Study shows the vaccine is safe and 100 percent effective after two months

A third vaccine could be soon added to America’s health arsenal in the battle to conquer the coronavirus (COVID-19).

A study published in the New England Journal of Medicine shows Johnson & Johnson’s single-dose vaccine is safe and so far has yielded promising results. Researchers say it has shown that it produces antibodies to protect against the virus and appears to work in both young and old subjects.

A large majority of the volunteers in the study who received the vaccine instead of the placebo produced detectable antibodies 28 days after receiving the shot. By the 57th day, 100 percent of the volunteers have produced detectable antibodies.

That suggests that everyone who gets the vaccine would be protected against the virus within two months of receiving the shot. They would still need to practice mitigation measures during that time.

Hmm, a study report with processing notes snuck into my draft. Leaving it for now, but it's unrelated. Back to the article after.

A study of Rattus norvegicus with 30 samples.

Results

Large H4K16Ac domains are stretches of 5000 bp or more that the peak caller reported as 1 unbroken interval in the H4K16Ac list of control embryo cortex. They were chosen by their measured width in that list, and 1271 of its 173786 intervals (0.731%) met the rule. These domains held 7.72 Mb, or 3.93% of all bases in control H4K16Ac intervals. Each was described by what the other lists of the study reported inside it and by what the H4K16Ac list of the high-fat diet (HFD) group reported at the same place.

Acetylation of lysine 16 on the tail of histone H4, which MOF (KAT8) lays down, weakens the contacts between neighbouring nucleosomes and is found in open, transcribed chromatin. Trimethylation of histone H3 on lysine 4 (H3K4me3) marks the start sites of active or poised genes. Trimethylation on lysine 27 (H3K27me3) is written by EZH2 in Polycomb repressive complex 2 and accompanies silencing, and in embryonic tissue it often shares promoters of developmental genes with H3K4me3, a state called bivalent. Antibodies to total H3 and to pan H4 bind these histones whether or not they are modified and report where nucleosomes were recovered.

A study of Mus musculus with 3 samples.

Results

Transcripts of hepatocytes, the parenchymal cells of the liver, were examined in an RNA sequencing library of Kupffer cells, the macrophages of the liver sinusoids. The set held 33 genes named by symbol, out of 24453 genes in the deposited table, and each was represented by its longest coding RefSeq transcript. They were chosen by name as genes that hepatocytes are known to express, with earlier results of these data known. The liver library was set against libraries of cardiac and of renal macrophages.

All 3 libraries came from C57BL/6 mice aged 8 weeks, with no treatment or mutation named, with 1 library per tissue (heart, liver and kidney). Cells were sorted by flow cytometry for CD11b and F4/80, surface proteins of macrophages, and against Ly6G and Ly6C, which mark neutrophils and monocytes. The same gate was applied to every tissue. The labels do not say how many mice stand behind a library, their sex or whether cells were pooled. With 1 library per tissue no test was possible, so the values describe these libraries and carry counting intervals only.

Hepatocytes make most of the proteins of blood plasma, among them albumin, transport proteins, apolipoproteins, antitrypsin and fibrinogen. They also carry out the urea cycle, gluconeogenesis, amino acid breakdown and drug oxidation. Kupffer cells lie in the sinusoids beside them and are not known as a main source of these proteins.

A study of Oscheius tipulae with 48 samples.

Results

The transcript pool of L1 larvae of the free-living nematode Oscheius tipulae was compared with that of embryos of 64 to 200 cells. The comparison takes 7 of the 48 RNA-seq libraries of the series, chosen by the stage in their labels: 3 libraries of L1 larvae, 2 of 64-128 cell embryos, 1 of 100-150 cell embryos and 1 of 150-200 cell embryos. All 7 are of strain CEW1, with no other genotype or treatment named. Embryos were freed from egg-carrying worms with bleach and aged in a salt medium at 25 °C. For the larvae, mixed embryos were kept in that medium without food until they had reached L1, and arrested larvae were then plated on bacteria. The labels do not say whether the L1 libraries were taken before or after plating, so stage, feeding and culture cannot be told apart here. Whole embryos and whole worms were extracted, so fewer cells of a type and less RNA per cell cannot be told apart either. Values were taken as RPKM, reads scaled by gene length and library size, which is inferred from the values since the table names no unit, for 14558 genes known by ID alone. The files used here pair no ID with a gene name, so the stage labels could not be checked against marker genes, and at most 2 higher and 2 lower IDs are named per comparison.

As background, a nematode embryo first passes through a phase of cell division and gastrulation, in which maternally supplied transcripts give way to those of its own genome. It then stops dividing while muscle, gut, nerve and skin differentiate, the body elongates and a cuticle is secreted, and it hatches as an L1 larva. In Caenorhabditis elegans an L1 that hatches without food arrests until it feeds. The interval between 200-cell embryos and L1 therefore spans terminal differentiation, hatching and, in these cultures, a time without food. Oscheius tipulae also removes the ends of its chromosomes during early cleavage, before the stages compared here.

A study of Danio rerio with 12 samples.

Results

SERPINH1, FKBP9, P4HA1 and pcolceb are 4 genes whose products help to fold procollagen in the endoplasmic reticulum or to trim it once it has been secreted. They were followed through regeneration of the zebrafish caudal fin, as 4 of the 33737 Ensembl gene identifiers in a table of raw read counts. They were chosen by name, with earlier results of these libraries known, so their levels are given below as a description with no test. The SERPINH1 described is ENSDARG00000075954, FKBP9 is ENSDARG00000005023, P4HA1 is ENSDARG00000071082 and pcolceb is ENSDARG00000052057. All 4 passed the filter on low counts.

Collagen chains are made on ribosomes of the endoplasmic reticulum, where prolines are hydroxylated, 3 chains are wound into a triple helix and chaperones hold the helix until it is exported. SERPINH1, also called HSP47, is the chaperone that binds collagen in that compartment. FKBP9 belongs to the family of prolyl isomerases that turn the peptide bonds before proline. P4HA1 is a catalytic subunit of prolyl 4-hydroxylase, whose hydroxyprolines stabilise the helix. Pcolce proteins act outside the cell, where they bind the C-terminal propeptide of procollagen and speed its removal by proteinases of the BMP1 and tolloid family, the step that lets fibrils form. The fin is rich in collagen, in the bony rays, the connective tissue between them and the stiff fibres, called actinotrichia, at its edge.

“These neutralizing antibodies remained stable through Day 71, currently the latest timepoint available in this ongoing study, in all participants aged 18-55 years,” the company reported in a press release. “Data on the durability of immune responses in trial participants aged over 65 years will be available in late January and longer-term follow-up to one year is planned.”

Some side effects

Like the Pfizer and Moderna vaccines, the Johnson & Johnson candidate produced some side effects. They included headache, fatigue, sore muscles, and pain in the arm where subjects received the injection. Side effects were more common in young subjects than older ones.

It should be noted that these preliminary results included a relatively small number of subjects. There were only 805 volunteers included in this part of the trial. Johnson & Johnson is preparing to publish the results from its 45,000-person phase three trial before the end of the month. 

If the single-dose vaccine is shown to be safe and effective in that group, Johnson & Johnson said it expects to submit an application for emergency use authorization (EAU) with the U.S. Food and Drug Administration (FDA) within days of that.

Logistically, the Johnson & Johnson vaccine could also offer some advantages. In addition to only requiring a single injection, the Johnson & Johnson vaccine has a longer shelf life and does not require extremely cold storage temperatures.